Say Cheese, Mr. Trick

On the set with Miami's hip-hop big shot

"You should start at the beginning .... Kierkegaard said, “Every duty is essentially duty to God.'"

"Nigga be a leader, not a follower."

"What?"

"Master P said that."

"You still listen to rap?"

"Why?"

"It's just all about marketing now."

-- Matt "Big Pussy, Jr.," Bompensiero to Anthony Soprano, Jr., The Sopranos

The difference between working with hip-hop stars and fashion models is pretty simple. South Beach photographer's assistant Susan Egan, a veteran of magazine shoots for both, breaks it down. "The models never have a lot of food, just light salads. But they're on time," she quips. "Hip-hop guys are two to five hours late, and they always arrive with a posse. But the food's great, and there's plenty of it."

At the end of the day, though, the results are the same: a set of dramatic shots that will help sell a product. The commodity that currently has Egan readying the fog machines inside downtown's Park West studio is Trick Daddy, which complicates the formula a bit. After all, Trick -- Miami's premier rap star of the moment -- isn't a piece of jewelry or an expensive pair of shoes. He's flesh and blood. And unlike a model, or even a Hollywood actor, the persona he's carefully fashioned on his albums isn't a role, a character study to be sloughed off with the next job. At least that's what Trick Daddy himself says, or rather grunts dismissively at Kulchur's questions. Right now he's got weightier matters than getting philosophical with some notebook-toting white boy. He's about to become the cover star for the next issue of the Source.

Strapped in behind the wheel of a twenty-foot-long dragster, Trick is throwing his trademark gold-toothed scowl at the camera. Hot lights shine down as flashbulbs pop. Thick fog begins pouring out from behind the car, but even photographer Jerome Albertini can tell it's more than the heat and smoke that's got Trick on edge.

"You wanna hear something else?" Albertini asks in his thick French accent as the chilled-out jazzy shuffle of an A Tribe Called Quest CD plays loudly in the air. Trick nods his head in the direction of the music: "I don't know whatthat is."

One of Trick's friends heads for the CD player, and soon the raw staccato beats of Trick's own www.thug.comalbum are booming out: "I'm doin' this one for the thugs/and the niggers on the corner selling drugs." Immediately Trick relaxes and begins mouthing the words to his lyrics. Although the shift is subtle -- he never stops grimacing on cue -- the entire crew can sense that things have just fallen into place.


There's a new problem on the set. A team from Channel 7's Deco Drive is here to shoot what should be a simple two minutes of fluff: Hometown rapper makes good. Trick Daddy has a distribution deal through major label Atlantic, and as his imminent appearance on the front of the Sourcewould seem to indicate, his new album, Thugs Are Us, is about to move him from "bubbling under" to the center of the hip-hop world, the first Miami rapper to do so since the heyday of Luther Campbell and 2 Live Crew more than a decade ago.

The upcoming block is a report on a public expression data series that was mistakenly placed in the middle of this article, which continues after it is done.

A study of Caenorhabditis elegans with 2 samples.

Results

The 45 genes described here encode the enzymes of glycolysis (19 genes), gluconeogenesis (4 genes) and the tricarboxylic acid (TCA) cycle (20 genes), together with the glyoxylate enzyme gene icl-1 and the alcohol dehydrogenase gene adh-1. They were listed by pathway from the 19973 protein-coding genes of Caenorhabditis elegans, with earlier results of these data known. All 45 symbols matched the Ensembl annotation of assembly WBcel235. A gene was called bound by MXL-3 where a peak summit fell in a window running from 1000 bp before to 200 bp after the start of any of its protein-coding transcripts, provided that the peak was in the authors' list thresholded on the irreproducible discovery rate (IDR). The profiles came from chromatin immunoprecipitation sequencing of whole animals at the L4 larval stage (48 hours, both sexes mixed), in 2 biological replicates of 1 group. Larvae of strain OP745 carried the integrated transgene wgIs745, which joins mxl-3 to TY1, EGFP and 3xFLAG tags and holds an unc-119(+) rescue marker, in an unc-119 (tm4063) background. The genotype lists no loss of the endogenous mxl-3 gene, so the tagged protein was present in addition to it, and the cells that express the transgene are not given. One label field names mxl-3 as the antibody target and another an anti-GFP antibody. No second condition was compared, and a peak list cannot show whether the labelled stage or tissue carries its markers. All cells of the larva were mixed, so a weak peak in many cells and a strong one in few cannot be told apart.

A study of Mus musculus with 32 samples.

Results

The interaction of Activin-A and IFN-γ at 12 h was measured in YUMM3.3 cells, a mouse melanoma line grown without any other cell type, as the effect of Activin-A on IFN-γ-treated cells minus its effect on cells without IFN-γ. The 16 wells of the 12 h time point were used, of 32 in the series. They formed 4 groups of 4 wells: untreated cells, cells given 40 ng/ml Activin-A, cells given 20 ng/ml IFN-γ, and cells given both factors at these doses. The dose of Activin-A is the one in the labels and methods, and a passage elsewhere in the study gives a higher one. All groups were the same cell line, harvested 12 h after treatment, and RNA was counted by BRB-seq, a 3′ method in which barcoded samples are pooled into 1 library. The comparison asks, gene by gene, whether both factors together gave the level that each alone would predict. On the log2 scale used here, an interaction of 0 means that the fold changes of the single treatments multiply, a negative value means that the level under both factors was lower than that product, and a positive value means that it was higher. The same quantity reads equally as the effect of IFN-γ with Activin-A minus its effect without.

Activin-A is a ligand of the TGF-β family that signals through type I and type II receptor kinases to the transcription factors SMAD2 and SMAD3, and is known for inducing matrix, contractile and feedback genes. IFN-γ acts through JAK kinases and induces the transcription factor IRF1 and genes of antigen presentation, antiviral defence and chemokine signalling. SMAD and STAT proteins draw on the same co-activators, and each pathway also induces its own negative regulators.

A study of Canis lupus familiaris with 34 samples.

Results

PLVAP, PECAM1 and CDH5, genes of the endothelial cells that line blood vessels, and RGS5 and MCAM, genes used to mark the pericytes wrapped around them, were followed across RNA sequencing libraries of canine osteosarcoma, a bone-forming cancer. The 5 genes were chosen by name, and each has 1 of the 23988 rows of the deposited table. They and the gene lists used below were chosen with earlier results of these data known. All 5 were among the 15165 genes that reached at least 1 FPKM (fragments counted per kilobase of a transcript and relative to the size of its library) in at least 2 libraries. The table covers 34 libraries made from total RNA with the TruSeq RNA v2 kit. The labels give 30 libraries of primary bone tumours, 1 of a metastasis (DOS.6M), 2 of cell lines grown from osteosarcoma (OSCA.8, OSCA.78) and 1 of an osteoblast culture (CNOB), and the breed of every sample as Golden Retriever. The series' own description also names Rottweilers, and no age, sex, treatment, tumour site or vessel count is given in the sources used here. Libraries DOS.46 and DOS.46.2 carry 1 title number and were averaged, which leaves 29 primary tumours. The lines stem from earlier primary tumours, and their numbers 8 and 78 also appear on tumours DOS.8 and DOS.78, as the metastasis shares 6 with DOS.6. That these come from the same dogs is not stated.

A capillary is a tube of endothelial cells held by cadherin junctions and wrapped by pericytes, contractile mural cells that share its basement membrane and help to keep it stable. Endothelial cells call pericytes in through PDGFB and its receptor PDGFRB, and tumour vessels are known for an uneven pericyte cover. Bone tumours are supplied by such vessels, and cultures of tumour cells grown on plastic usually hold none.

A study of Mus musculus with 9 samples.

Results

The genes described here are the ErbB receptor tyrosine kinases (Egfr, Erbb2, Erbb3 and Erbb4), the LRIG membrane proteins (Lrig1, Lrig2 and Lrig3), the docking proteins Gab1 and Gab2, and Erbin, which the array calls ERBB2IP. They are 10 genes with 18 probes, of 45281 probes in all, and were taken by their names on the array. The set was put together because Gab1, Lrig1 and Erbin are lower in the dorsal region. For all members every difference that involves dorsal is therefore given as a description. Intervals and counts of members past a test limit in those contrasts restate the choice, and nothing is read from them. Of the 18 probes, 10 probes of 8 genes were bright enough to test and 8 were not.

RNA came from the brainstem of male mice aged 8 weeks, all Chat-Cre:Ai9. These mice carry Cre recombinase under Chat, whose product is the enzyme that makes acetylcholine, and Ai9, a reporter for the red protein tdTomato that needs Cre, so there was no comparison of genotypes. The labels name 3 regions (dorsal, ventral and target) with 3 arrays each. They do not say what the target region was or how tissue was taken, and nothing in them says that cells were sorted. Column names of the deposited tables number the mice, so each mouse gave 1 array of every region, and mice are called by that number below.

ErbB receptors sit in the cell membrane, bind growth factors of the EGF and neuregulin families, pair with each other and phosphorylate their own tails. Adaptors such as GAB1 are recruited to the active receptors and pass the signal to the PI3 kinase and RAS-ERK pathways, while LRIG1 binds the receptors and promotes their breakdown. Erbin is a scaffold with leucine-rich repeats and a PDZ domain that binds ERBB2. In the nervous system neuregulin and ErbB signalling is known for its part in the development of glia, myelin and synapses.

Deco Drive's Odette Burton takes Source fashion editor Liza Montoya aside and asks why the magazine is spotlighting Trick Daddy. It's meant as a softball question, and Burton looks perplexed as Montoya moves off for a huddled conference with David Curcurito, the publication's creative director and the orchestrator of today's shoot. Curcurito immediately whips out his cell phone and dials up the Source's editor in chief, Carlito Rodriguez, in New York City, who begins delivering a precise spiel. Curcurito then carefully relays some choice phrases back to Montoya: "represent the Dirty South"; "address the previous lack of attention to Miami"; "Trick Daddy is going to be big."

None of these lines seems controversial, the kind of PR spin requiring an emergency strategy session. But the Source isn't just another music magazine. In the world of hip-hop, it matters. Sure, its sales figures are impressive enough (with 450,000 copies sold each month, it's number four behind Rolling Stone, Spin, and Vibe; in terms of newsstand sales, it's number one), but the magazine's influence travels far beyond advertising concerns. Not only rap fans but rappers themselves read the Source with the utmost seriousness; remarks that may be offhand to some can produce dramatic consequences. Artists such as the Notorious B.I.G. and LL Cool J have written hit songs that proudly cite their glowing reviews in the magazine, while rumors fly of rappers who've made veiled threats to Sourcewriters over negative pieces.

Other hip-hop publications apparently have seen actual violence. In November 1998 then-Vibeeditor Danyel Smith accused rapper Foxy Brown of assaulting her in anger over a less than flattering cover pose. That same month Jesse Washington, editor of the now-defunct Blaze, charged Puff Daddy producer Deric Angelettie with barging into his office. Apparently upset over Blaze's unveiling of the shadowy identity behind his Madd Rapper project, Angelettie and two accomplices allegedly beat him with his own chair. That came on the heels of an August 1998 incident in which Wyclef Jean reportedly pulled a gun on Washington over a critical review.